Overweight patients with type 2 diabetes are usually told by physicians to modify their diets and increase physical activity in the hope of causing the condition to go into remission. But a study appearing today in JAMA suggests that even intensive lifestyle interventions will likely help only a small percentage of patients achieve acceptable blood glucose levels without medication.
Researchers monitored 4503 US adults with type 2 diabetes and a body mass index of 25 or higher for 4 years; participants were randomly assigned to receive long-term intensive weight loss interventions (including group and individual counseling) or traditional diabetes support only. Enrollees in the intensive program lost almost 8% more weight at 1 year and almost 4% more weight at 4 years compared with those receiving traditional support. Nearly 12% of the intensive program enrollees had partial or complete remission at 1 year and 7.3% at 4 years compared with 2% of those receiving traditional support at either year. Only 3.5% of enrollees receiving intensive interventions experienced continuous remission at 4 years, although it was better than the 0.5% receiving traditional support.
The study’s lead author, Edward W. Gregg, PhD, of the US Centers for Disease Control and Prevention, discusses his team’s findings:
news@JAMA: Why did you do the study?
Dr Gregg: We’ve known that maintaining a healthy diet and lifestyle prevents diabetes, but a big question was whether healthy diets and lifestyles could make diabetes go into remission.
news@JAMA: Your findings suggest otherwise.
Dr Gregg: Complete remission was very rare, although it was more common in the intensive intervention group. This is just an indication of how tough it is, once a person has diabetes, to turn it around. There was some good news in our study. We were able to get about 1 in 10 into remission, and for people who had diabetes for a shorter period of time prior to enrollment, 1 in 5 went into remission.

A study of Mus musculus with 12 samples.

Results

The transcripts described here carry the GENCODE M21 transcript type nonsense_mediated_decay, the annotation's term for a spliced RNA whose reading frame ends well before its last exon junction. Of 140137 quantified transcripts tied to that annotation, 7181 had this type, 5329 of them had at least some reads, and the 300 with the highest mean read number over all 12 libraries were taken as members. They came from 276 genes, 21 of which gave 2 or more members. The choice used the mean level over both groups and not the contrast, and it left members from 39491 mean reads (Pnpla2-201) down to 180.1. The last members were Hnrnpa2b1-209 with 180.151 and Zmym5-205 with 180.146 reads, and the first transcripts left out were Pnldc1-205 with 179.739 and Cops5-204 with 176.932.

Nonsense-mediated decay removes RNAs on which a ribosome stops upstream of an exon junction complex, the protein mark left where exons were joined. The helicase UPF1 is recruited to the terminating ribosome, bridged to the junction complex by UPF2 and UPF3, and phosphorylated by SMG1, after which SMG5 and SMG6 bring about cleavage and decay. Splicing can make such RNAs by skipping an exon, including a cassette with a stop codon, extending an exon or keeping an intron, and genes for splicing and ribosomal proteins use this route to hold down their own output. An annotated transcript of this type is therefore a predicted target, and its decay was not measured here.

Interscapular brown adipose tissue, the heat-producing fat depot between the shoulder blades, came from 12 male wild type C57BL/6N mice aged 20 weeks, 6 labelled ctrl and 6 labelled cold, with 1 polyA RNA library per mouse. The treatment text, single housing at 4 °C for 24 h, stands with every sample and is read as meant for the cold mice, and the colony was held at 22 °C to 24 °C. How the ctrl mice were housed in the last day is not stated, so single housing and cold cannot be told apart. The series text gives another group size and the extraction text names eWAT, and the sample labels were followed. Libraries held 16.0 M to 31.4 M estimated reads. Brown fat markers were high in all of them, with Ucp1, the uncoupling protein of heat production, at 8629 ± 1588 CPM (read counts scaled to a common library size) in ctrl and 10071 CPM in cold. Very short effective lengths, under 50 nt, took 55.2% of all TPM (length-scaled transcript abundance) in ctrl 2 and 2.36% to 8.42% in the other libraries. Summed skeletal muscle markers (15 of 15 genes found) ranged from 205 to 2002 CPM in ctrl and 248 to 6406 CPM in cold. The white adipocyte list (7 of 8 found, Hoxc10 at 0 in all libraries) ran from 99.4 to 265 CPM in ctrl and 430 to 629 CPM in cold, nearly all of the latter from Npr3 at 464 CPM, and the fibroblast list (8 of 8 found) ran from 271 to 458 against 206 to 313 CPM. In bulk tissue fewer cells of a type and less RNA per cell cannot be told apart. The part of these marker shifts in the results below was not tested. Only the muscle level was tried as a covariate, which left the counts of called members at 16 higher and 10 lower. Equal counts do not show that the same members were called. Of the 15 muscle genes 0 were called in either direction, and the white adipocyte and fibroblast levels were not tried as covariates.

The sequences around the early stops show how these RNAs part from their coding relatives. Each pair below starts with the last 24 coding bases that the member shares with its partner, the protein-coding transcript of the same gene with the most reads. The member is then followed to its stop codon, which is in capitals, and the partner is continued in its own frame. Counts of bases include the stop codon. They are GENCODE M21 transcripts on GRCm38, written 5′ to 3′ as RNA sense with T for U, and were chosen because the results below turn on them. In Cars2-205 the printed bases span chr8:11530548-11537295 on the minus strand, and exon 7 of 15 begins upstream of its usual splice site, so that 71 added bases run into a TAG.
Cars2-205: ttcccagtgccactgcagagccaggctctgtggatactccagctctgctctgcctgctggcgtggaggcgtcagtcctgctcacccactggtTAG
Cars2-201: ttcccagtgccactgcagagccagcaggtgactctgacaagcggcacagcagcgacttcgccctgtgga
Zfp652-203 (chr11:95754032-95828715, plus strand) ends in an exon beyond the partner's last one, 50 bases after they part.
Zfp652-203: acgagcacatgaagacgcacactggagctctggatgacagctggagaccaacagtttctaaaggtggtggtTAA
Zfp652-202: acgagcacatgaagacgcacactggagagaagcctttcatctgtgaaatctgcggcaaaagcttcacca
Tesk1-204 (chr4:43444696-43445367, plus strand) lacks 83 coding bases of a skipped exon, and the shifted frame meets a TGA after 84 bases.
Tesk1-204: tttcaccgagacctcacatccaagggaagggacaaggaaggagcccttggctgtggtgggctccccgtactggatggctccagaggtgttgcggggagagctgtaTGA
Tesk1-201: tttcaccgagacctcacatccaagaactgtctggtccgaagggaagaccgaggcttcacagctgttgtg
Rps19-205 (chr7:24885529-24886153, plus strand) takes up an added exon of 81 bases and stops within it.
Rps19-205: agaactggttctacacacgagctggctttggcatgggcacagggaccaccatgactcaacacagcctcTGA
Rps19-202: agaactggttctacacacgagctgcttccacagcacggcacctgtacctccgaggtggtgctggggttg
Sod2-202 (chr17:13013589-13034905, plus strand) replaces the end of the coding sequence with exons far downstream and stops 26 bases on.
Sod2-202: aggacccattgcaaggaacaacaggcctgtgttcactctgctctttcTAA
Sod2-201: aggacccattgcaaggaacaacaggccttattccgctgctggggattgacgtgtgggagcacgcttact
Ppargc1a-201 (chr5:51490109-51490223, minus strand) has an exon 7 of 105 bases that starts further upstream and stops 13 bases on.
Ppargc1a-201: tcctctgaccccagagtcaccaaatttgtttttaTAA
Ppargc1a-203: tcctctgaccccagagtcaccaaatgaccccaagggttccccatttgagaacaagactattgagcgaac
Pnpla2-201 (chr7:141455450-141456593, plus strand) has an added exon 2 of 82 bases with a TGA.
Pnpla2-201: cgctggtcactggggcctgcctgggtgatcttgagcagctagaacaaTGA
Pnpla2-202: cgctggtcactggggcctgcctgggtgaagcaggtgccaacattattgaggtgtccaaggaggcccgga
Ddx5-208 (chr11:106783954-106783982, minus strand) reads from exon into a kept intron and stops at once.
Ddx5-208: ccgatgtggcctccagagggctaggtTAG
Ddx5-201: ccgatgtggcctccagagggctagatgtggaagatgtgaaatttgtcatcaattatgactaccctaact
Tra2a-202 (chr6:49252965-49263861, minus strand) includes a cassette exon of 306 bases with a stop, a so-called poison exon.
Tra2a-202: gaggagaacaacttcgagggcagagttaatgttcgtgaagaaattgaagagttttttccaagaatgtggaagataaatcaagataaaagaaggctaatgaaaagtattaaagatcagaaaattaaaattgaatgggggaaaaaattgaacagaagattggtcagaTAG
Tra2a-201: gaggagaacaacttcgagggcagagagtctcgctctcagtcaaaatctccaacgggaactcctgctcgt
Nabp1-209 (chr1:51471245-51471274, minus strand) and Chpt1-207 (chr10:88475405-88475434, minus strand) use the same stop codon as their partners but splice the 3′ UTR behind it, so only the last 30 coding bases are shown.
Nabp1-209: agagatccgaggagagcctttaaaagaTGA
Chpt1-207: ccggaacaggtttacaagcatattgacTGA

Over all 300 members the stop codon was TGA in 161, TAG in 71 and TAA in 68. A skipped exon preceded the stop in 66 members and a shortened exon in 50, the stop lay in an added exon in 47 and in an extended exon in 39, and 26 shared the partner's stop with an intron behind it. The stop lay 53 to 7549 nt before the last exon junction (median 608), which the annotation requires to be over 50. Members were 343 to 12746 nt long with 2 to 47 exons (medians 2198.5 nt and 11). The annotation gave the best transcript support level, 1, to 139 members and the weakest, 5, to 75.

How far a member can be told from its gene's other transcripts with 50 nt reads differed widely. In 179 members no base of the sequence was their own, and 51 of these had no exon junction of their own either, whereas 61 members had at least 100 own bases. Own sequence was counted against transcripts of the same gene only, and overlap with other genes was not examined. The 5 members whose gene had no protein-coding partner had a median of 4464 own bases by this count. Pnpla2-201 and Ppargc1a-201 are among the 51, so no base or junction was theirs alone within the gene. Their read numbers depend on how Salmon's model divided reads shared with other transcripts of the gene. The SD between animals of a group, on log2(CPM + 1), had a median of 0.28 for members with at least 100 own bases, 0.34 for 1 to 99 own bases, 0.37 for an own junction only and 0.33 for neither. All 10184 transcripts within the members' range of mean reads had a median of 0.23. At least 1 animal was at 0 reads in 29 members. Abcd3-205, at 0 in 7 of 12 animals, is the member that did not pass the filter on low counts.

news@JAMA: What would you say to people with type 2 diabetes who are considering giving up on changing their diets and increasing physical activity as measures to combat the condition?
Dr Gregg: You can’t cure diabetes with lifestyle changes, but lifestyle changes with good follow-up care can make a difference in reducing risk for other complications, such as cardiovascular disease and disability.
news@JAMA: Do treating physicians need to give a more nuanced message about lifestyle interventions to their patients with diabetes?
Dr Gregg: Physicians need to be realistic with their patients when talking about the benefits of lifestyle interventions. The message can be that whatever their diabetes status, these lifestyle changes will reduce their risk of getting the bad health outcomes that come with diabetes.
news@JAMA: Do your findings suggest overweight patients with diabetes should consider bariatric surgery first as a more effective treatment to reduce health risks associated with the condition?
Dr Gregg: Even in people who are candidates for bariatric surgery, maintaining a healthy diet and lifestyle will still be important. Bariatric surgery may be appropriate for some people but not for the majority.